School of Humanities and Sciences
BioChristine Jacobs-Wagner is a Dennis Cunningham Professor in the Department of Biology and the ChEM-H Institute at Stanford University. She is interested in understanding the fundamental mechanisms and principles by which cells, and, in particular, bacterial cells, are able to multiple. She received her PhD in Biochemistry in 1996 from the University of Liège, Belgium where she unraveled a molecular mechanism by which some bacterial pathogens sense and respond to antibiotics attack to achieve resistance. For this work, she received multiple awards including the 1997 GE & Science Prize for Young Life Scientists. During her postdoctoral work at Stanford Medical School, she demonstrated that bacteria can localize regulatory proteins to specific intracellular regions to control signal transduction and the cell cycle, uncovering a new, unsuspected level of bacterial regulation.
She started her own lab at Yale University in 2001. Over the years, her group made major contributions in the emerging field of bacterial cell biology and provided key molecular insights into the temporal and spatial mechanisms involved in cell morphogenesis, cell polarization, chromosome segregation and cell cycle control. For her distinguished work, she received the Pew Scholars award from the Pew Charitable Trust, the Woman in Cell Biology Junior award from the American Society of Cell Biology and the Eli Lilly award from the American Society of Microbiology. She held the Maxine F. Singer and William H. Fleming professor chairs at Yale. She was elected to the Connecticut academy of Science, the American Academy of Microbiology and the National Academy of Sciences. She has been an investigator of the Howard Hughes Medical Institute since 2008.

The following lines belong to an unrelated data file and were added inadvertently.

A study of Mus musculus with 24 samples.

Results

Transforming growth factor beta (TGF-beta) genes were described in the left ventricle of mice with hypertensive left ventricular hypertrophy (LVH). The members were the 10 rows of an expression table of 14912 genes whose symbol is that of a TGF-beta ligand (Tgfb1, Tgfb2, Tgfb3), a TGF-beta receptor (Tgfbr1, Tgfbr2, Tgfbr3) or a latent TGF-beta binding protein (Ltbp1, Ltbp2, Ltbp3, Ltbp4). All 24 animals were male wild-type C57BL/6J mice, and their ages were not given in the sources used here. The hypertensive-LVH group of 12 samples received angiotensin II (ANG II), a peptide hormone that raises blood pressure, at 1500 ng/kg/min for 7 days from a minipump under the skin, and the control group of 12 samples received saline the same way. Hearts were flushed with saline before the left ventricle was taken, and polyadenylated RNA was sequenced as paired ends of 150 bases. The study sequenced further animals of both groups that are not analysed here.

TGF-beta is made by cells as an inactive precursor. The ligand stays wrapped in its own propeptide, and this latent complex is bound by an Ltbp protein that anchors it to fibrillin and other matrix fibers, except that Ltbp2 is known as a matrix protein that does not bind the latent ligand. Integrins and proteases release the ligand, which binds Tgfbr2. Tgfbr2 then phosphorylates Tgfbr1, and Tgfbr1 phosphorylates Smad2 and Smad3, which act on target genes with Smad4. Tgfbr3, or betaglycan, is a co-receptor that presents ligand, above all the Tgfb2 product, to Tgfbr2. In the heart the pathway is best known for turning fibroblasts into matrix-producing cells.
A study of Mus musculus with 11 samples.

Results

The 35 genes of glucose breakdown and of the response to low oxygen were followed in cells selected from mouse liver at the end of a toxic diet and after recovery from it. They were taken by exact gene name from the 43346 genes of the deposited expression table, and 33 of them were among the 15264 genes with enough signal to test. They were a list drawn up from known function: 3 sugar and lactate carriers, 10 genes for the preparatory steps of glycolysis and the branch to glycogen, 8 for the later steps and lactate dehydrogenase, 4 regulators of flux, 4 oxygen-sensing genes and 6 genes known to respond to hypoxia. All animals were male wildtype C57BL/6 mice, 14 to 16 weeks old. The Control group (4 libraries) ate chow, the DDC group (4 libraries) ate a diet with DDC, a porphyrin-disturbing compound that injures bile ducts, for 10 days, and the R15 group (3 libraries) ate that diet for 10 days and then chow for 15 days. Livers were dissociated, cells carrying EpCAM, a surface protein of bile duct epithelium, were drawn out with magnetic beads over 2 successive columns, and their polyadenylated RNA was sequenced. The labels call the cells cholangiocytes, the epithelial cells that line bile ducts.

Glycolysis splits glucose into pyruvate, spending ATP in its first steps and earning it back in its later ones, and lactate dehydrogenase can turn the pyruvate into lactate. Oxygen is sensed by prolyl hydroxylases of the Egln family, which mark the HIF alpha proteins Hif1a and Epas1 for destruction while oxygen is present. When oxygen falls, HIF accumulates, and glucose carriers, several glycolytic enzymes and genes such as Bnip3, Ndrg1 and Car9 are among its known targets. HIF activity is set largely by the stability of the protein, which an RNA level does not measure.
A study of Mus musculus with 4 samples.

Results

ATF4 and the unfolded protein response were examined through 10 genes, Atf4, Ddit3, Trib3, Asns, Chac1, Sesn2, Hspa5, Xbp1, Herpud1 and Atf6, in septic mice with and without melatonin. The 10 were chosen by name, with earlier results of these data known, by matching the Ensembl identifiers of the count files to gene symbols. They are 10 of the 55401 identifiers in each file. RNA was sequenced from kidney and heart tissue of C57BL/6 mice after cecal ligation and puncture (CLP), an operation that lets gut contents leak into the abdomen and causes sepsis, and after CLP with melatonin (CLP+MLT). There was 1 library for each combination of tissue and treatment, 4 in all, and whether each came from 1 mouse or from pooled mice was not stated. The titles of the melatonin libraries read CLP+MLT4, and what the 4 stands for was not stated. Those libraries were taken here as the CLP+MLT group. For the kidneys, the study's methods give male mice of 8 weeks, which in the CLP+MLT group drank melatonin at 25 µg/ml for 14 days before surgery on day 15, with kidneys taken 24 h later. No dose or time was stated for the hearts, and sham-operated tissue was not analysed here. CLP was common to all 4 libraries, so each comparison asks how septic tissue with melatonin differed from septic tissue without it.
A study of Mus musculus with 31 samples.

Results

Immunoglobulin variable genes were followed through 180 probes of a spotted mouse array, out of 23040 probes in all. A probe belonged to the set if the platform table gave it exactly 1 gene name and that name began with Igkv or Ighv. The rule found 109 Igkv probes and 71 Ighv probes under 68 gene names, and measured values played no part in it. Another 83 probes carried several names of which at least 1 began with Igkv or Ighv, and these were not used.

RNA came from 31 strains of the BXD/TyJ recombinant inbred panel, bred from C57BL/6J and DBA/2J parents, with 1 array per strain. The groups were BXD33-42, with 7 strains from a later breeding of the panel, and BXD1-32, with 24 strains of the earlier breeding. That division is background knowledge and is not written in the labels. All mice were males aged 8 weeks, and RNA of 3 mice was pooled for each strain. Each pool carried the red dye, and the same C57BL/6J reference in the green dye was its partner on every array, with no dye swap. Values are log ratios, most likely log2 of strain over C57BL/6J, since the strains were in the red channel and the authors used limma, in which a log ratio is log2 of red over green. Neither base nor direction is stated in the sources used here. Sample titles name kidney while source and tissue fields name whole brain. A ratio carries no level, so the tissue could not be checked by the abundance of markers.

Her lab moved to Stanford in 2019. Current research examines the general principles and spatiotemporal mechanisms by which bacterial cells replicate, using Caulobacter crescentus and Escherichia coli as models. Recently, the Jacobs-Wagner lab expanded their interests to the Lyme disease agent Borrelia burgdorferi, revealing unsuspected ways by which this pathogen grows and causes disease
The Dr. Nancy Chang Professor, Emerita
Current Research and Scholarly InterestsDr. Jones' research has focused on genetic, molecular, and cellular mechanisms that regulate immune responses. Recent work was centered on the regulation of innate immune responses that are triggered by conserved microbial components. As these responses can be harmful they are highly regulated in their occurrence, magnitude, and duration. Her lab discovered a novel mechanism that negatively regulates innate responses, mediated by the phosphatase calcineurin.
Assistant Professor, Biology
Current Research and Scholarly InterestsPhotosynthesis provides energy for nearly all life on Earth. Our lab aims to dramatically accelerate our understanding of photosynthetic organisms by developing and applying novel functional genomics strategies in the green alga Chlamydomonas reinhardtii. In the long run, we dream of engineering photosynthetic organisms to address the challenges that our civilization faces in agriculture, health and energy.